Do You Have a Schedule K-1? Here's How to Report It

Peacock & French CPAs
Jan 01, 2023

If you’ve never had a Schedule K-1 before, you might be wondering exactly what it’s for and how you’re supposed to report the numbers included on it on your tax return. Keep reading to learn more about K-1s and how to handle them properly.

Tax season will officially begin on January 24th. That’s barely more than three weeks away, and it’s time to start seriously thinking about your tax return and getting your tax documents in order. Many people receive a variety of tax forms from various employers, accounts, and other sources. Your tax forms for income alone can include a variety of 1099s, W-2s, and Schedule K-1s. If you’ve never had a Schedule K-1 before, you might be wondering exactly what it’s for and how you’re supposed to report the numbers included on it on your tax return. Keep reading to learn more about K-1s and how to handle them properly.

What Is a K-1?

As we stated above, a Schedule K-1 is an income form, similar to a W-2 or 1099. While a W-2 would report wages earned from an employer, a K-1 reports the income earned from a business—or, more specifically, an owner or partner’s share of a pass-through business entity’s profit or loss. If you are an owner or profiting partner in a business, you should receive a Schedule K-1 showing your personal share of the company’s profits or losses.

Who Issues K-1s and Who Receives Them?

Not all businesses will provide K-1s; it all depends on the company’s business structure. As stated, businesses must be a pass-through entity in order to pass their profits and losses on to their owners (and, therefore, be required to issue K-1s). However, there are several types of business structures that qualify as pass-through entities. These include:

  • Partnerships
  • LLCs with a partnership election
  • S Corporations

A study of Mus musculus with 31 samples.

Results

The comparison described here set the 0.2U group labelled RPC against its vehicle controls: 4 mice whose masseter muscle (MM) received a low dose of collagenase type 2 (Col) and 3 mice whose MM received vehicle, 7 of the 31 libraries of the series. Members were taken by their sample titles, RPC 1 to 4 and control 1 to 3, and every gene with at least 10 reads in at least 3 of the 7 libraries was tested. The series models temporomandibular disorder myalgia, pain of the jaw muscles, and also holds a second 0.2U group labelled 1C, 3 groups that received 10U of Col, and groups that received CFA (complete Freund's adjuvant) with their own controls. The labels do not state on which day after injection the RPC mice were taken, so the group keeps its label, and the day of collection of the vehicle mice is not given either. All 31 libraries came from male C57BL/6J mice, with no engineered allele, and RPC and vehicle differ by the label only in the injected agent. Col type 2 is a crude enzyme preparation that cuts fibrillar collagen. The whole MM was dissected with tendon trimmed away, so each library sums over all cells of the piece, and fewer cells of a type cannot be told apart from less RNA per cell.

These types of companies would then issue Schedule K-1s to all partners/owners who receive a portion of the company’s profits.

Additionally, beneficiaries that receive income from a trust or estate will also receive a Schedule K-1.

When Should You Receive Your K-1?

All businesses have a deadline for when their tax forms (not only K-1s, but W-2s and other tax forms as well). The issuance deadline for Schedule K-1s is March 15th each year; however, you should note that this is when the K-1 must be issued by, so you may not receive your form for several more days beyond this date. Obviously, this deadline is rather late into tax season, which can often make it difficult for business owners to file their tax returns before the April 15th tax deadline. For this reason, many partners in pass-through entities will file for a tax extension, providing themselves with an additional six months to ensure their taxes are filed properly.

Reporting Your K-1 Income Properly

Now that you have a clear idea of what a K-1’s purpose is, let’s discuss how to handle it properly in regards to your tax return. First, you should be aware that there are several forms that fall under the umbrella term of “Schedule K-1.” Just as there are many types of 1099s, there are many types of K-1s as well. Here are a few of them and who should be using them:

  • Schedule K-1 Form 1065 – Partnerships
  • Schedule K-1 Form 1120-S – Incorporated entities with an S election
  • Schedule K-1 Form 1041 – Beneficiaries of an estate or trust

It’s incredibly important that you ensure you’re using the proper form based on your income source, and not assume that all K-1s are the same. Once you’ve double checked that you’re using the proper form, you should ensure your K-1 properly lists both your income from the business and your distributions. These two sources of business income are actually handled differently, despite being on the same form.

Your K-1 income shows your share of the business’s income based on how much the company made and your agreed-upon share of the profits. Distributions, on the other hand, are money you receive from the business throughout the year, and can come in the form of a dividend distribution or non-dividend distribution. A non-dividend distribution is a non-taxable even, but is added to your net income, which differs from K-1 income.

Additionally, it’s incredibly important for K-1 recipients to verify that their tax returns match what is reported on your K-1 exactly. All owners must calculate their tax bases in the company and perform a K-1 reconciliation to ensure that what has been reported on the form is accurate.

If this all sounds confusing and intimidating, you’re not alone. At Peacock & French, CPAs, we work with business owners and partners on a daily basis. We can help you accurately report your K-1 income so you can avoid IRS penalties. Call now to schedule a consultation.